As one of the most critically and publicly beloved bands of the early 00s emo movement, they could have kept cranking out the noise forever and been given a pass (see 2009s Common Existence, which was met with no praise or criticism). But they decided to work themselves, and No Devolución is the result.
No Devolución tells you a lot about itself simply from the title. Its en español, but its translation (No Returns) falls right in line with Thursdays grim, gritty lyrics. This album is Thursday trying to do exactly what they do theoretically, but in a different medium.
Its also got a double entendre going on, aping Devo a bit. But by appending the No, theyre out to prove that its not going soft. Theyve chosen to go where theyve gone, and thats what makes this disc as strong as it is.
Both those points come to fruition in the eight-minute (!) highlight track Stay True. Beginning as a forlorn solo guitar elegy, the song slowly builds to a full roar, with lead singer Geoff Rickly hollering out the title for all hes worth. But even that isnt the apex, as it keeps building. Its a pretty incredible rock track, and it proves that Thursday still has vital things to say musically.
No other song reaches the heights of Stay True, but no other one really tries to. If you nail the hardest move in your routine early on (Stay True is track two), youve pretty much got the confidence to pull off the rest or goodwill from the judges to gloss over minor errors.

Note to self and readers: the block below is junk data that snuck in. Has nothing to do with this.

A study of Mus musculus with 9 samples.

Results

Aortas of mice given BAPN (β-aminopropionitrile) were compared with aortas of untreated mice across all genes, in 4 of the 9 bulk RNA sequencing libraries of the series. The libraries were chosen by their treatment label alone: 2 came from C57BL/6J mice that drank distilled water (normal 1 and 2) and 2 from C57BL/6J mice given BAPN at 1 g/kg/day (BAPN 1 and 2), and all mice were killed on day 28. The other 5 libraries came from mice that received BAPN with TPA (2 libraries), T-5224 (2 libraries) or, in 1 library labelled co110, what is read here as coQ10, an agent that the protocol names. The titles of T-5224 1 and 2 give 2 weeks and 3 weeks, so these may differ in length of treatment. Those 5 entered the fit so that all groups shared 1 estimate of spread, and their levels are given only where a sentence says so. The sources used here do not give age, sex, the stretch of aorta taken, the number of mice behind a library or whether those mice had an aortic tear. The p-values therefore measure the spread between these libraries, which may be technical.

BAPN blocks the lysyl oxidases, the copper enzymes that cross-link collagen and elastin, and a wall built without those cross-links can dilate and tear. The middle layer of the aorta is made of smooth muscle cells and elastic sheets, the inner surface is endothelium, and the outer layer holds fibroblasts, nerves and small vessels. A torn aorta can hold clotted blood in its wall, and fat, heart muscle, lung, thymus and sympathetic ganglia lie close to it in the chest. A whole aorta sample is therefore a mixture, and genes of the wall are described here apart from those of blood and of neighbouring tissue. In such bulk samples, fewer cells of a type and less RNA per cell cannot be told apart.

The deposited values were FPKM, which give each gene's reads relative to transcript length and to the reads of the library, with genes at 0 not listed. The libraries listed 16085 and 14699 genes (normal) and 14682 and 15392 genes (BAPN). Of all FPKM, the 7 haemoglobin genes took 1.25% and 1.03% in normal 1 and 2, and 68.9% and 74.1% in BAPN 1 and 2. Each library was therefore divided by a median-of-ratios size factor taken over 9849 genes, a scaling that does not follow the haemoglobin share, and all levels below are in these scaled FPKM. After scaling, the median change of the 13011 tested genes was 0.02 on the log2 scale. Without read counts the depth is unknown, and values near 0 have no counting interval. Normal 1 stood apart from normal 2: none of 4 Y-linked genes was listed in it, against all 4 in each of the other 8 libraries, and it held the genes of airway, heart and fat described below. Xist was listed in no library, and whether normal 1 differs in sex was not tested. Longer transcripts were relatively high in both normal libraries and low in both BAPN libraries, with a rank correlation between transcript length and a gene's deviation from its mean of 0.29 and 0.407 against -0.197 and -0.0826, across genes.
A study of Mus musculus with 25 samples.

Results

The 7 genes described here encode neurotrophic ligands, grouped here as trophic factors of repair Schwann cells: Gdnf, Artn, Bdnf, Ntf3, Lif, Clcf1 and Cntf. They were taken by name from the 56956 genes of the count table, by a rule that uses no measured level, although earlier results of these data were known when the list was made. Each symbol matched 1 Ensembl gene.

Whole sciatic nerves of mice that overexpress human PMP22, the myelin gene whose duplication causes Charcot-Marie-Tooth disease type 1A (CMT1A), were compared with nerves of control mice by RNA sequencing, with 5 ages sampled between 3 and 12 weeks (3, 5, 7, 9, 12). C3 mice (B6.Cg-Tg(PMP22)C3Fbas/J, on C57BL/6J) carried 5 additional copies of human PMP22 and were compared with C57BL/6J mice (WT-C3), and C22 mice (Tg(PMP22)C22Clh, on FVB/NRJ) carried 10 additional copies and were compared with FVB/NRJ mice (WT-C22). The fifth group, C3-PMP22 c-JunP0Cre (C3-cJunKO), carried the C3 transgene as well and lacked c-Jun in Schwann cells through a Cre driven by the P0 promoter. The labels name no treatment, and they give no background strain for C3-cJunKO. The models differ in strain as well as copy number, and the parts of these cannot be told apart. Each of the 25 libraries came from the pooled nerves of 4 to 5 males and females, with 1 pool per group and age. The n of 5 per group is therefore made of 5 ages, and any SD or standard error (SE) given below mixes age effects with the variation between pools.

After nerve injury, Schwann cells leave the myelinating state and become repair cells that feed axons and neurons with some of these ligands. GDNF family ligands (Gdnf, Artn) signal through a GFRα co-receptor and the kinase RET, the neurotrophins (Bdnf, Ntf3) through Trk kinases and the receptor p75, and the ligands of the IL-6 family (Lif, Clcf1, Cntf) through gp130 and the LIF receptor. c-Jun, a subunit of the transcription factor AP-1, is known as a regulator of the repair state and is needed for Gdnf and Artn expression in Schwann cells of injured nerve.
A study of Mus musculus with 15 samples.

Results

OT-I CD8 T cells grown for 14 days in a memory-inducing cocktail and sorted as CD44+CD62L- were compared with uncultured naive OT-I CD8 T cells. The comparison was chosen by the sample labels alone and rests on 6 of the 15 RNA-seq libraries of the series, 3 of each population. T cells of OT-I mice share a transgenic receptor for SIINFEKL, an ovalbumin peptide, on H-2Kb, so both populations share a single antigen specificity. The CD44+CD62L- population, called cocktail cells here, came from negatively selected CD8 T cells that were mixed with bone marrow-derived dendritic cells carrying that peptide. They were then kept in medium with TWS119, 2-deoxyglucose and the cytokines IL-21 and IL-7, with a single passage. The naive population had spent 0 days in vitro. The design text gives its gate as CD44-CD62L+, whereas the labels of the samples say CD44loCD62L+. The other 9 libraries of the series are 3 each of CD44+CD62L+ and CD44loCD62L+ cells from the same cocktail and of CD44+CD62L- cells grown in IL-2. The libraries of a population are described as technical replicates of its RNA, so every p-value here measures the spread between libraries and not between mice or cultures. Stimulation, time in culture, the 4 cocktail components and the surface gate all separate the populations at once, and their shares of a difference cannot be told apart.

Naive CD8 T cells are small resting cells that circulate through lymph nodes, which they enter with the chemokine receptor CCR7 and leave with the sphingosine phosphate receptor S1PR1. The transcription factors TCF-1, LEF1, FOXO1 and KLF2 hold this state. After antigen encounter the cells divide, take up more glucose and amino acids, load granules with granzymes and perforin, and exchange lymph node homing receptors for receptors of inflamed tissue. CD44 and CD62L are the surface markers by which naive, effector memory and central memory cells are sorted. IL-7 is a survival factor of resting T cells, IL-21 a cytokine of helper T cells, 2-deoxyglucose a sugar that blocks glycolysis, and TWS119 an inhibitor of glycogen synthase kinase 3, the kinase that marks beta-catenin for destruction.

The rest of the record shows a tempered Thursday: less aggression, more mood. Its unusual to hear that from the group (check all that Muse piano on Sparks Against the Sun), but its not bad, either. Past and Future Ruins is a great example, with a toy piano juxtaposed against distorted screaming and thrashy guitars. A Gun in the First Act excellently mixes an accordion and rapid-fire tom fills. Theres a sentence Ive never written before.
There are a few face-plants throughout (the underpowered Millimeter, the too-maudlin A Darker Forest), but Thursdays still learning how to work this type of moodiness throughout a long-player. No Devolución is not perfect, but its an impressive first stab at more than the thoughtful scream n pound for which theyre known. Stephen Carradini
UPDATE: It has come to my attention that the review copy was heard out of sequence, due to a computer error.
This was actually good for Thursday, as the correct order places highlight Stay True last. In listening to its intended state, I found myself losing interest in all of the back-end tracks that were suddenly front-end tracks. Without an explosion to kick off the set (and Fast to the End is nice, but not the blast they need), it drags by the middle. A Gun in the First Act is still in almost the same place, oddly, and it does serve as a pick-me-up toward the end. And Stay True stayed true.
So buy the album, re-order it with Turnpike Divides first, Stay True second and A Darker Forest last, and youll enjoy it a lot more.